Prey begins by introducing David Williams. His wife has left him and moved to Durham with “Raymond the bearded fart”, leaving David with their young son Danny. After the break-up David goes to pieces a little—wouldn’t anyone if their wife ran off with a bearded fart? And his interior design business quickly follows his marriage down the drain.
Then David gets offered a job fixing up an old house on the Isle of White. When he and Danny move into the house, though, David finds that there is a lot more than just a few burst radiators and some dry rot to contend with. There are unusual scratching noises in the walls and something very strange indeed up in the attic—something that sounds far too big to be just a rat. Then there are the white faces that appear at the window, the man in the tall black hat, and a girl with worms in her hair. Perhaps it is safe to say that there are some things at Fortyfoot house that David might never be able to fix.
Prey is 352 pages long and is a haunted house tale with a difference—there is a little more behind the things that go bump (or scratch) in the night than just a common-all-garden ghost or two. Time travel comes into the story, as do a few creatures that H. P. Lovercraft would have been proud to call his own. There is also a witch with a cockney accent and a terrible thirst for evil. Prey has a little bit of everything and something for everyone. It’s not all about evil beings and an evil house though. It is also the story of a man learning to move on with his life after the break-up of his relationship, and about his love for his son. A little romance is added into the mix in the form of a girl called Liz, a would-be squatter who becomes David and Danny’s house guest, and just happens to cook a mean chilli-con-carne as well.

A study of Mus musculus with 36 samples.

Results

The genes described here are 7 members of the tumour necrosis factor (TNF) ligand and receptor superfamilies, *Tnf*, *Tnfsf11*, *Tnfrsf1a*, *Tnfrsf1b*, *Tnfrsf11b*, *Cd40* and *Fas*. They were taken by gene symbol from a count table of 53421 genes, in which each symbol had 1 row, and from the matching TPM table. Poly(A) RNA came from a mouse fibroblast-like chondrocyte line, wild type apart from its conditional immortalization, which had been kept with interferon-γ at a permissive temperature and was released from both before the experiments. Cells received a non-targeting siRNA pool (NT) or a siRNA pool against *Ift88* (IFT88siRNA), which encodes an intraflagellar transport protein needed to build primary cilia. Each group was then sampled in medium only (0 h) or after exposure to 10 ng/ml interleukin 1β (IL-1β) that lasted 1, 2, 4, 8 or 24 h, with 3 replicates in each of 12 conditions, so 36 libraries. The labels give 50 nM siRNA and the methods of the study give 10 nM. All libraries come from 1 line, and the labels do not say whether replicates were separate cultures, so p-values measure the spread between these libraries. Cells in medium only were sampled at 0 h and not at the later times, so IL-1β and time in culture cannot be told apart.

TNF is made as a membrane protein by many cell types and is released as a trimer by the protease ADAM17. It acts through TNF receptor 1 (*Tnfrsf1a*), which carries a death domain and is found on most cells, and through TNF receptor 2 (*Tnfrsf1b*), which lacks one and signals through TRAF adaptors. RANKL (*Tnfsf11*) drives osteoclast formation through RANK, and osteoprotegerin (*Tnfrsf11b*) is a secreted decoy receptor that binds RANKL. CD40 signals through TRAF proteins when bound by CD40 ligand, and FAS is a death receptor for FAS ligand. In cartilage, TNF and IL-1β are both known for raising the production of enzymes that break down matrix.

I loved reading Prey. In fact, I have read it twice now and it was just as good the second time around. Prey is one of my all time favourite horror novels. The characters are believable and one of them—Brown Jenkin— is easily one of the scariest creatures that I have ever encountered on the printed page. From beginning to end this is a great book and I can wholeheartedly recommend it to anyone who enjoys a book that provides the reader with an escalating amount of goose bumps with each turn of the page.